Photo by Global Auto Index

Engineers drew on carbon fiber's benefits in designing the midengine Ford GT.

The carbon fiber and epoxy material used in the inner rear deck of the $150,000 Ford GT may find its way into other low-volume Ford Motor Co. models, a Ford engineer says.

The GT's clamshell inner panel "has performed flawlessly throughout engineering development and in production, with no issues whatsoever," says Fred Goodnow, program design, engineering and launch manager on the high-performance Ford GT.

He adds, "As a result of the success of the GT clamshell inner panel, we would definitely consider this material in future applications."

But there are drawbacks.

"The limiting factor on carbon fiber usage is the cost," Goodnow says.

"The business case would have to support its usage in any specific application."

Also, he says, the cycle time to make the panel, compared with injection molding, prevents it from being used on higher-volume vehicles.

Engineers drew on carbon fiber's benefits in designing the midengine GT and equally distributing weight for optimal balance and precise handling.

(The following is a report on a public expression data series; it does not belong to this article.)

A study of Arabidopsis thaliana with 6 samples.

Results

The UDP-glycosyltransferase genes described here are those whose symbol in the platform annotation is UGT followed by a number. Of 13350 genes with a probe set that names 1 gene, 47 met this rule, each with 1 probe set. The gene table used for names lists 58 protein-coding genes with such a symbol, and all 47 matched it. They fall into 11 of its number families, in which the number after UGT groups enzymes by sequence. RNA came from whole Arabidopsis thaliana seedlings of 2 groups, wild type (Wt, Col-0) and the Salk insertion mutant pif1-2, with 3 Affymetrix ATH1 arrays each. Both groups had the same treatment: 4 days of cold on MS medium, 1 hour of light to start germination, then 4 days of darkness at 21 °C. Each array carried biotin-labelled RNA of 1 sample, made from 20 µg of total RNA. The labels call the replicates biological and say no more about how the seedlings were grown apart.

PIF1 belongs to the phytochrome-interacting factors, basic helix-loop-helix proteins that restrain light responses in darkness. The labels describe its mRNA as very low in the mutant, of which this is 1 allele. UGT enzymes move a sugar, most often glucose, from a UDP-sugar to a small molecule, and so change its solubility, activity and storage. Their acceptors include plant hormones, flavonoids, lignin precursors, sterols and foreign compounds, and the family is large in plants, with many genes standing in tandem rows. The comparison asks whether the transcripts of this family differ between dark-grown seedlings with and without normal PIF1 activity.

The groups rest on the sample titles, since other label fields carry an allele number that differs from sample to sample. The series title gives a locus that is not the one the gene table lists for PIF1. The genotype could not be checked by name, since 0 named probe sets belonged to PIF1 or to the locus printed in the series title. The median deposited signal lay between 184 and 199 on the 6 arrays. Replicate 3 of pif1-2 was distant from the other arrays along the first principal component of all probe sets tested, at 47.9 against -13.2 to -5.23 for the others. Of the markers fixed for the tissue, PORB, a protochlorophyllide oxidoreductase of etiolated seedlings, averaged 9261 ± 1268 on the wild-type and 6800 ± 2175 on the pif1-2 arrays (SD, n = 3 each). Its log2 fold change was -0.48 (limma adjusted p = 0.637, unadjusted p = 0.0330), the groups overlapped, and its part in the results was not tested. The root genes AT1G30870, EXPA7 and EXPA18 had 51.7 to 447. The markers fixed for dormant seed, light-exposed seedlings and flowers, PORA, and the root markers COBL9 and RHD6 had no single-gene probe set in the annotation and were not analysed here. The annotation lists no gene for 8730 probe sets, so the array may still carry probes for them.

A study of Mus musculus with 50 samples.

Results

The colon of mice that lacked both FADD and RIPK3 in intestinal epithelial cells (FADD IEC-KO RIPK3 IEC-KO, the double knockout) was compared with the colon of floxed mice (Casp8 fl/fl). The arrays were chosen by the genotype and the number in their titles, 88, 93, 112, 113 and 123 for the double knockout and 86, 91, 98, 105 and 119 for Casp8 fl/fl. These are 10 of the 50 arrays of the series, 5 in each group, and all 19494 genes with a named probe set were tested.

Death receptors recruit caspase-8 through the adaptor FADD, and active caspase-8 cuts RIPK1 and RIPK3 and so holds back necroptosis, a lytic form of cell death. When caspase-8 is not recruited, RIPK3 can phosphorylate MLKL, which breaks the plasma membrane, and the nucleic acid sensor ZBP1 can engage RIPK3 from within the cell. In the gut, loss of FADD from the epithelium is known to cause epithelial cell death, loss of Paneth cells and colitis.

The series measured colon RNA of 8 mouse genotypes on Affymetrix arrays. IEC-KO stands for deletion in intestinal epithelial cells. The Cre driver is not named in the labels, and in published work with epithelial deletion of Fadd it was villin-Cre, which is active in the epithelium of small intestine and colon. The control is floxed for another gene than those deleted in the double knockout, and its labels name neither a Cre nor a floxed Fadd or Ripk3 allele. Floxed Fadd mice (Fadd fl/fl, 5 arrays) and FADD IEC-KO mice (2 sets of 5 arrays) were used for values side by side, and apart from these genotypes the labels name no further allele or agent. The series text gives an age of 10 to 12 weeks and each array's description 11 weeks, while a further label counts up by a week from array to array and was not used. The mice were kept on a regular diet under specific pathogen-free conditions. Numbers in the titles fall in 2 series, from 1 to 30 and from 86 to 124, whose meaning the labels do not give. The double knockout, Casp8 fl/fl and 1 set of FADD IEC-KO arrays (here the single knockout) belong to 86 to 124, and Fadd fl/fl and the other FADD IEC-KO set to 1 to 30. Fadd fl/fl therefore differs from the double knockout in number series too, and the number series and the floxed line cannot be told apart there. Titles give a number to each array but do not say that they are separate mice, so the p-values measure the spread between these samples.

The GT's V-8 engine produces 550 hp.

The GT's clamshell inner panel measures about 4½ feet by 6½ feet. The one-piece, 14-pound composite lid resolved tight-tolerance, weight and complexity issues when compared with another inner lid idea that used four or five pieces of individually stamped aluminum.

The GT's decklid assembly consists of the stiff inner structure and an exterior superplastic-formed aluminum skin.

Sparta Composites, of San Diego, makes the carbon-fiber component, and a Mayflower Vehicle Systems Inc. plant in Norwalk, Ohio, hems the inner lid and aluminum skin. Saleen Inc.'s special vehicle operation in Troy, Mich., handles painting and final assembly.